Freedom of the Press
You are here
Press Freedom Score (0 = best, 100 = worst)
Legal Environment(0 = best, 30 = worst)
Political Environment(0 = best, 40 = worst)
Economic Environment(0 = best, 30 = worst)
In a victory for press freedom, on October 8 the Nuku'alofa Supreme Court issued a decision invalidating a 2003 amendment to the press clause of the constitution and struck down the restrictive 2003 media operators and newspaper acts. The court declared that the laws were incompatible with the general presumptions of free speech set forth in the constitution and ordered the government to cease enforcing them. The legislation required all publications to obtain government licenses and granted extremely wide latitude for officials to deny licenses, especially to publications that may be critical of the government. The independent newspaper Taimi o' Tonga, which was allowed to resume distribution on October 15 after being banned in November 2003, was among 173 plaintiffs in the court case against the laws. Several people had been arrested throughout the year for distribution or possession of illegal publications; those charges have since been dropped. Strong public opposition to the laws generated mass protest during their tenure, including the first public demonstrations in over a decade.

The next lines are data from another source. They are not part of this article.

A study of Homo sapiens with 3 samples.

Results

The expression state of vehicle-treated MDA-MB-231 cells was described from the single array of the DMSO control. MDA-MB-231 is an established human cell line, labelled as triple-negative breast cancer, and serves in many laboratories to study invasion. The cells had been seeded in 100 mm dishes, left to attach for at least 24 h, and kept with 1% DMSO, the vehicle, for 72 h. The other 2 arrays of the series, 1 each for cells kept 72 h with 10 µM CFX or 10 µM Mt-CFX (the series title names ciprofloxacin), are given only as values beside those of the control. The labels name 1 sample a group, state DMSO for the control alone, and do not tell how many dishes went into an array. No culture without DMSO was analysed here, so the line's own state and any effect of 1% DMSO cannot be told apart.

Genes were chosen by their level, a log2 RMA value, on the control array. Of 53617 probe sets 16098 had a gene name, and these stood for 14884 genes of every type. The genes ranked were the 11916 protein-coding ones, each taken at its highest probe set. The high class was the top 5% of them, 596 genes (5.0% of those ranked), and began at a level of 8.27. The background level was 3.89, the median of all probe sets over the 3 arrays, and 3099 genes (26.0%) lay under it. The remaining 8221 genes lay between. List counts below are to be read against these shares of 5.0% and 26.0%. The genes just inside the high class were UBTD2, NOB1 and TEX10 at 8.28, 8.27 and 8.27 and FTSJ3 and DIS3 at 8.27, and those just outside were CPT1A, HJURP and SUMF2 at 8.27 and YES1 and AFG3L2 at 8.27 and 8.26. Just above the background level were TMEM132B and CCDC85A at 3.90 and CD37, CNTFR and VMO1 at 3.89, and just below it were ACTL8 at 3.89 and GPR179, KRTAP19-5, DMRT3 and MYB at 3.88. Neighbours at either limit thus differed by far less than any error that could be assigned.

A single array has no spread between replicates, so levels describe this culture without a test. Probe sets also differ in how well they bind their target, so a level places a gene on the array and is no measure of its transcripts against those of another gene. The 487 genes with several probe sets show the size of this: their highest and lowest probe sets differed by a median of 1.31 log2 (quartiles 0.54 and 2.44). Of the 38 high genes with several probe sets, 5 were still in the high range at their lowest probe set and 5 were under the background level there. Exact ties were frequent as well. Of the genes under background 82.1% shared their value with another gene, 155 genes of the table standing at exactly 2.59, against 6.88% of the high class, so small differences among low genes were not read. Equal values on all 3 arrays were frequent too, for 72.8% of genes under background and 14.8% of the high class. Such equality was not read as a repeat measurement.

Tonga boasts an impressive array of media considering its small size. Seven private newspapers and magazines publish regularly, and there are two privately owned television stations and three private radio stations. The government runs a weekly newspaper, a television station, and AM and FM radio stations, all of which have been accused of self-censorship in favor of official viewpoints. The government has also made regular attempts to censor foreign publications' reporting of events in Tonga, but the new legal framework should allow Tongans access to uncensored print media. Residents may also access the Internet and foreign media via satellite television without restriction.